Writers’ Facebook Statuses

By Bhalachandra Sahaj

clever facebook statusI know a writer can’t have a Facebook profile—at least that’s what my friends keep trying to convince me of—like “The true writer can’t be a part of mass culture, blah-blah.” Still, I bet about 98% of writers use either Facebook or some other social media network.

What is Facebook for many of its users? Right, pictures and statuses; the latter have the direct connection to writers’ work. At the same time, as a writer, you have no right to post something random, like “I ate pasta with sausages, delicious! Check out my albums to see 1545793854 photos of my meals!”

This post of mine is a life-saver for all those who are currently dealing with writer’s block simultaneously with the craving to update their Facebook page every day (or every hour). I am going to provide you with the bread and salt of all writers: ideas. With me, you will always be the shining star of Facebook, and people will believe you are a writer even if you’ve never written a single line.

- Don’t use words like “to live,” “look at,” “think,” or something else as primitive as these examples. Instead, you should consider using their synonyms, like “dwell,” “contemplate,” and “give a piercing gaze.” Posts written in “higher” language will definitely make you look like a writer.

- Use ellipses. Don’t limit yourself with only three dots; use as many of them as you like. Actually, the more dots you use in ellipsis, the deeper your thoughts seem. Also, feel free to use like three-four ellipses in one sentence.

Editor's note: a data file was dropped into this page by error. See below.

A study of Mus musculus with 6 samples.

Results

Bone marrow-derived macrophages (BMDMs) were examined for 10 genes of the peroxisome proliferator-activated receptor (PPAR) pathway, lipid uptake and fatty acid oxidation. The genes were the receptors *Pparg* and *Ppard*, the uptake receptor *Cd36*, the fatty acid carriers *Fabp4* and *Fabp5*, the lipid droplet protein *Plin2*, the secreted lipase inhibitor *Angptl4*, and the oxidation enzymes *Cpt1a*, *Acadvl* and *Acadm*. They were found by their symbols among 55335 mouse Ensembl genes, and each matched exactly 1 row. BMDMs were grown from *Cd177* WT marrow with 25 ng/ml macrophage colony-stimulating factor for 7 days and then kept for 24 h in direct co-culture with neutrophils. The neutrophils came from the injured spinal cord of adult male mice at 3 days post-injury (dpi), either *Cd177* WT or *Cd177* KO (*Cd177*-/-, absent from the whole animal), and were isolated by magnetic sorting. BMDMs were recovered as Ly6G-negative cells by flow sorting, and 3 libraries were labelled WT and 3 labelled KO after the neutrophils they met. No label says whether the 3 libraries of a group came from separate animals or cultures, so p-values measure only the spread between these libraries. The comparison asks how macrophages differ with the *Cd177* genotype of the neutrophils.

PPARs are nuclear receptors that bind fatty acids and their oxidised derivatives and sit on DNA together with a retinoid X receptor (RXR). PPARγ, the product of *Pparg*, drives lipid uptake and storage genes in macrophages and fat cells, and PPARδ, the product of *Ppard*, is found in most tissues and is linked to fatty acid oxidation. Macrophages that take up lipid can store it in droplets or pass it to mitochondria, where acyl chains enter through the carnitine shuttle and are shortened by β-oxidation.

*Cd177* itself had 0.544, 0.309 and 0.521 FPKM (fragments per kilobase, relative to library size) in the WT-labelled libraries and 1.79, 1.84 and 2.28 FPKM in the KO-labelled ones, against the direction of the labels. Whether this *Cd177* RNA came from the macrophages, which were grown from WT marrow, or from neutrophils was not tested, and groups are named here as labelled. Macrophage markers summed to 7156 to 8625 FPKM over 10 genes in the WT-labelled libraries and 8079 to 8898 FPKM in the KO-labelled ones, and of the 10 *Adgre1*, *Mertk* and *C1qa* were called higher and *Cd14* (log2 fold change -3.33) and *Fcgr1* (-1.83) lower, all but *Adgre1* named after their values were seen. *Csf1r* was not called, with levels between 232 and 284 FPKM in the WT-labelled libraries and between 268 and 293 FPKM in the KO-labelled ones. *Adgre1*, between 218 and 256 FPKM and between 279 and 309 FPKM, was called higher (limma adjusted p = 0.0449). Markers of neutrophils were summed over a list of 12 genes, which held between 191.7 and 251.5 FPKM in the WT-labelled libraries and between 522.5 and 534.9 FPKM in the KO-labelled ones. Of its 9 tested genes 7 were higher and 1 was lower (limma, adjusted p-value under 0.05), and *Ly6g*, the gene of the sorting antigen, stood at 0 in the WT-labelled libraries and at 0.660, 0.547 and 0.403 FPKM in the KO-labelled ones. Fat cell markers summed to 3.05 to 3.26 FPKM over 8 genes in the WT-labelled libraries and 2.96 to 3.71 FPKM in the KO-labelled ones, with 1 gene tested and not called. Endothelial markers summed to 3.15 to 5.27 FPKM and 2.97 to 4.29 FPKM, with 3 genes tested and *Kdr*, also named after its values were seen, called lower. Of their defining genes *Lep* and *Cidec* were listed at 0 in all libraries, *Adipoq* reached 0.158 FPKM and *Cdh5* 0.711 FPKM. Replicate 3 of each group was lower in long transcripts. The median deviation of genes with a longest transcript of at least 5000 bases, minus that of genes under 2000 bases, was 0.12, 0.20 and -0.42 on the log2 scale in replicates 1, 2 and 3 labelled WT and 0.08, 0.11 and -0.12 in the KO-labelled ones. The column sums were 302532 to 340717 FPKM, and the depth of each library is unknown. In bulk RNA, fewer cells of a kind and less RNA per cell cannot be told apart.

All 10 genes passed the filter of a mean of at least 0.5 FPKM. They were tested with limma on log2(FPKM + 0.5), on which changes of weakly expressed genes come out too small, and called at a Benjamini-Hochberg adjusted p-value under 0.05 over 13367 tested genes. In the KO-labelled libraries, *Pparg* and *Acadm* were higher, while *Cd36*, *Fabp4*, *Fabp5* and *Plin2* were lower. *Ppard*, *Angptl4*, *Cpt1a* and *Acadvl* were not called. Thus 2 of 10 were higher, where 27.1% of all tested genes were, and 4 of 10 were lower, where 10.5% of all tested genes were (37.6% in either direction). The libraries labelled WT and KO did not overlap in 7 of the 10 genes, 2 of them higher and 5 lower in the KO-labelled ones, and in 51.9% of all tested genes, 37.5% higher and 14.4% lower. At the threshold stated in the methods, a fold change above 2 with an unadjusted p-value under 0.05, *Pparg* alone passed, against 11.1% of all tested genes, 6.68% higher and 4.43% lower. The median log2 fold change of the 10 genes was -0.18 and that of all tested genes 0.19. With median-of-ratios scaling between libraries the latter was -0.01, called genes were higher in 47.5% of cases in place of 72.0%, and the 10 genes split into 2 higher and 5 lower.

- Make anything you say sound meaningful and/or enigmatic. Even if you are going out to a 24/7 grocery late in the evening, you can write something like, “In a moment, I will vanish in the dark, and only God knows if I will ever be able to return from my quest.” And no, you won’t sound like a weirdo, you can trust me.

- Write lengthy posts that end in the middle of a sentence, at the most intriguing place (or at least at the place that you consider to be intriguing). Write something like this in parentheses, “To be continued.” And don’t forget about an ellipsis!

- Regularly express your own opinion on the literary works of famous writers. Try to sound provocative and scandalous, disagree with authorities, be a rebel! Criticize Stephen King as if you were equally famous and skilled. Give advice to Frederic Beigbeder. Mock Haruki Murakami. Show you are a truly gifted writer!

- Drop a hint to people from your friend list that you are working on a book, and that some of them have already become prototypes for your characters. Do not state all this directly—but drop a clear hint. Understand?

- Hints are your ultimate weapon in creating an atmosphere of creativity around yourself. Don’t say “I have writer’s block,” instead write “Haven’t written a single word for a week already.” Can you see the difference?

So, these were some of the tips that anyone can use to seem like a cool writer (‘cause I can’t imagine a real writer doing something like what I’ve described above). Stay updated for more fun and usefulness!